Carmen Lundy took a circuitous route to becoming a great jazz singer and composer. The soulfully seductive songstress is still on a unique road, with dates in Spain and South Africa after she headlines the Isthmus Jazz Fest at the Memorial Union Terrace on Saturday, June 22. Her free set is 8 p.m. at Mills Hall in the UW Humanities Building.
Lundy's 12th and latest album, Changes, has won rave reviews. Paris' Jazz Hot Magazine called it "superb," and Jazz Inside Magazine declared it "genuinely wonderful." Downbeat gave it four stars.
Her live performances are captivating as well. The New Yorker said she's "a beguiling and outstanding vocalist who deserves wider recognition," and the Los Angeles Times dubbed her "a talent that has ripened fully."
It's a talent that includes acting for stage and television, plus a journey into the fine arts. Lundy has done the artwork for several of her albums, with Changes featuring a striking mixed-media portrayal of a glowing Egyptian goddess.
The Miami native began her vocal journey in the junior choir at the church her grandfather founded, where her mother led the Apostolic Singers. Around age 12, in the mid-’60s, she took her first solo when she decided she wanted to "put my voice out there." Before that, she'd focused on the piano lessons she began at age 6.
"Singing was the furthest thing from my reality," Lundy says.
A few years after the choir solo, she took a detour into light rock and pop.
"I had no idea jazz music was where I was headed. I hadn't even heard it," she admits, noting that she may have heard a few minutes of Ella Fitzgerald on The Ed Sullivan Show.
Lundy was only 16 when she recorded a single at Miami's famed Criteria Studios.
"We just knew we were headed for the big time," she says with a laugh.
They weren't. The single went nowhere, so Lundy went to the University of Miami as a budding opera singer. Then she realized something very important, "that I really wasn't born to do mezzo-soprano roles." She says both she and her younger brother Curtis, now a renowned bassist, were "chosen by jazz."
"We were both pulled into this music and never looked back,” she says.
So she convinced the university to let her become the first vocalist in its jazz department and set about creating a career, starting with a long-term engagement at the upscale Eden Roc Hotel.
"It was the perfect environment," Lundy recalls. She had classes in the morning and fieldwork at night. "I worked my way through college, and I have not stopped working since," she notes proudly.
After graduation, she and Curtis worked steadily for about a year with a classmate, future pop star Bruce Hornsby.
"That was a lot of fun," she recalls, "and I still have those tapes."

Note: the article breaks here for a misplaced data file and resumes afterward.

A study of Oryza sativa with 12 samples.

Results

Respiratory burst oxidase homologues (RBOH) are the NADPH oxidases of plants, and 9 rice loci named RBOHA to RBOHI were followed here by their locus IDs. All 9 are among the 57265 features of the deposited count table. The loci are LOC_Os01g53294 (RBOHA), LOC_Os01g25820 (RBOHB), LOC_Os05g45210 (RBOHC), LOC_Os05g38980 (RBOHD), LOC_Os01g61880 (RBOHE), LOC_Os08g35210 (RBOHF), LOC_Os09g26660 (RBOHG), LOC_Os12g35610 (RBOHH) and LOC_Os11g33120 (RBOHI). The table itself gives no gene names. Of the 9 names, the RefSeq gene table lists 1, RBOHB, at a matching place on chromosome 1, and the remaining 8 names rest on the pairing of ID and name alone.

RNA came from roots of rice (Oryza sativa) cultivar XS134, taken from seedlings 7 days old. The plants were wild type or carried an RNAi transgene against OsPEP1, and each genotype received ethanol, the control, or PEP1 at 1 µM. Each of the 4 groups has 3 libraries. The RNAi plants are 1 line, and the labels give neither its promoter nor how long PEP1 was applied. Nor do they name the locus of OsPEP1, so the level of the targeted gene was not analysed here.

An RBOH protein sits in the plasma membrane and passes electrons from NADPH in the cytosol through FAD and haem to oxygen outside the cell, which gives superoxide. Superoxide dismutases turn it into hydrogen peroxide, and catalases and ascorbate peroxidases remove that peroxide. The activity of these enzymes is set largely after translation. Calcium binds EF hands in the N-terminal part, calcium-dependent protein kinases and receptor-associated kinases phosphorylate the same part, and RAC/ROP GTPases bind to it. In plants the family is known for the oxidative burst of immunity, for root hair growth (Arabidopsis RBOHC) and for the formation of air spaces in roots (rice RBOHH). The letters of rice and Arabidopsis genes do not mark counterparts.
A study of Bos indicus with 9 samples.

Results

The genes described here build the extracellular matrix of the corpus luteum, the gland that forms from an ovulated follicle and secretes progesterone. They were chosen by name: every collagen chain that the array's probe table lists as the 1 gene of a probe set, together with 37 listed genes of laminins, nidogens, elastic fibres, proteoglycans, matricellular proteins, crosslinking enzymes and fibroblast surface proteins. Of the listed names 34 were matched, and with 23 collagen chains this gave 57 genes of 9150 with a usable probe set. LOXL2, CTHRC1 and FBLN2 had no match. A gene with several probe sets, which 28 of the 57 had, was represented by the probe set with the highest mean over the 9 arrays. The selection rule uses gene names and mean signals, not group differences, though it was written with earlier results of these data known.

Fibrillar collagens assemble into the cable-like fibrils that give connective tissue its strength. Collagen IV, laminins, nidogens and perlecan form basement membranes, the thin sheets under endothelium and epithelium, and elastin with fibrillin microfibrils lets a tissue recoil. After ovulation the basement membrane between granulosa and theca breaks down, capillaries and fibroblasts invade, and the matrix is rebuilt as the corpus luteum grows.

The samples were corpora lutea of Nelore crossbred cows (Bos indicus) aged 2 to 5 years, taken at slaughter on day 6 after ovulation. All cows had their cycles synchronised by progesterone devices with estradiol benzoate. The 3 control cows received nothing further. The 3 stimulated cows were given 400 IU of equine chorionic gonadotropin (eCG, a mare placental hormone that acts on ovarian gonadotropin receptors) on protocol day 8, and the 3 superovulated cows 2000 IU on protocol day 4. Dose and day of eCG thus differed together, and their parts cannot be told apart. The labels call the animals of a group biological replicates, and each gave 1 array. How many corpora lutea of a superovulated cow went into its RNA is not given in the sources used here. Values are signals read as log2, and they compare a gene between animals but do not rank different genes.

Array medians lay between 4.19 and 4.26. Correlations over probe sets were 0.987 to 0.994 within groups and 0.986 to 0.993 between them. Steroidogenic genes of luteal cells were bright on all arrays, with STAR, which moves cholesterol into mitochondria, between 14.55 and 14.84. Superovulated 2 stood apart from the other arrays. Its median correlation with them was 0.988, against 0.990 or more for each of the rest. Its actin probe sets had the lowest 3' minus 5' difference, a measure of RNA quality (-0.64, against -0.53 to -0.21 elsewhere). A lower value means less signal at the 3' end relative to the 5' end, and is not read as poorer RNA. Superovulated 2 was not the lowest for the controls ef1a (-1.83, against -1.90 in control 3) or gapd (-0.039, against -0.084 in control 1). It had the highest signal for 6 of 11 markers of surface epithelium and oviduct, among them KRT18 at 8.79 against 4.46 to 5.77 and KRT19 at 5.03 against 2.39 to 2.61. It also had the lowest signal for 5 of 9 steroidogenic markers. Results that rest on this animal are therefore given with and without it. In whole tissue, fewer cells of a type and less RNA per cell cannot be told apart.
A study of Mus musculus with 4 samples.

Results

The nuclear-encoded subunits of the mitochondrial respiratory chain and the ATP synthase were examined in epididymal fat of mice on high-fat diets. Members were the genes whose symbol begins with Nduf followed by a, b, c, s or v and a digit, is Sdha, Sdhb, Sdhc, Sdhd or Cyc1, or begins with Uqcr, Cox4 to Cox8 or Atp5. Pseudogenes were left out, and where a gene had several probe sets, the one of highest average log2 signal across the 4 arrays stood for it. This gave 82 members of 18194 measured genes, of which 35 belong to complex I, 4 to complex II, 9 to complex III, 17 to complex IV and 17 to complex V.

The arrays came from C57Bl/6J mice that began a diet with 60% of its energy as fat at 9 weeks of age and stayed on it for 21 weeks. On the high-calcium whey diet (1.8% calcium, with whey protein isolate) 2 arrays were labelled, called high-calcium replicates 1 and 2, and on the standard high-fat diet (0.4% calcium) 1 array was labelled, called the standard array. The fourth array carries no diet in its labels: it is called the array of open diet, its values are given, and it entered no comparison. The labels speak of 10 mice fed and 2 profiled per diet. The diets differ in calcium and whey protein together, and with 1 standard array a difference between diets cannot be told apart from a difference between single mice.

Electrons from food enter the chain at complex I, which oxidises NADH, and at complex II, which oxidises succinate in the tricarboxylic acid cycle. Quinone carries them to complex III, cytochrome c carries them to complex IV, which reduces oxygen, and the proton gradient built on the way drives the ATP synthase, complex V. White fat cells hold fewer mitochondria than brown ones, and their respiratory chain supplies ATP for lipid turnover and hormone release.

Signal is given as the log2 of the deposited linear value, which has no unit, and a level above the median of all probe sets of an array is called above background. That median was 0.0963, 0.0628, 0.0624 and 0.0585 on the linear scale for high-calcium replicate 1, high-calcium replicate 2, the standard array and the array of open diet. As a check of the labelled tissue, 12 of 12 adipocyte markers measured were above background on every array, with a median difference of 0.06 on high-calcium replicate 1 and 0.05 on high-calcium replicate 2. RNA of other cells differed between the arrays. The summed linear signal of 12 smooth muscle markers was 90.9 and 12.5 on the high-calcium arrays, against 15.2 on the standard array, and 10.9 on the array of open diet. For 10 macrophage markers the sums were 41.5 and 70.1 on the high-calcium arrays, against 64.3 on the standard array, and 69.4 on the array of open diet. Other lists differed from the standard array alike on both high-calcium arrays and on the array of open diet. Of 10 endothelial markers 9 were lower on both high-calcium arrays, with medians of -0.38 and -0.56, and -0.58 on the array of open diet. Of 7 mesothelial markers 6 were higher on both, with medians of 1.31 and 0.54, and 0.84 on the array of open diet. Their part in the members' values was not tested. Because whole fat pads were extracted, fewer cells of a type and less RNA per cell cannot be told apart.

Lundy moved to New York in 1978, where she was welcomed as a bright young hope during the dark days of disco and punk.
"I was embraced because there were so few of us," Lundy says, noting that the jazz establishment was "delighted to see us try and handle the music."
Thad Lewis and Mel Jones let her sit in on Monday nights at the Village Vanguard, and other opportunities soon appeared.
Critics were hooked from the start as well.
"She's got it all," Gary Giddins gushed in the Village Voice in 1980, praising her "harmonic inventiveness and unselfconscious brightness." His conclusion? "She is thoroughly and enchantingly a jazz singer."
But with vocal legends like Sarah Vaughan and Betty Carter still in their prime, Lundy asked herself a hard question: "Who's going to listen to me, and why? They've got it covered. I can sing a bunch of standards all night long and have fun, but that will not establish any unique distinction."
Lundy took the leap and became her own primary composer. Most of her albums have drawn from her own 80 or so compositions. And she rejects the notion advanced by some critics, even friendly ones, that she has curtailed her commercial appeal by not sticking to the standards.
"Ridiculous," she says forcefully. "It's so crazy to me we just won't let this music move forward."
But Lundy is unfazed.
"If I knew critics were going to say you have to sing the Great American Songbook from the 1950s to be a success, I still wouldn't have done it," she says.
So don't expect one more rendition of "Summertime" on Saturday night. Instead, listen for the new American jazz songbook. As Lundy advises in "Dance the Dance": "Make a wish, take a chance, then you'll always know what it feels like to be free to dance the dance."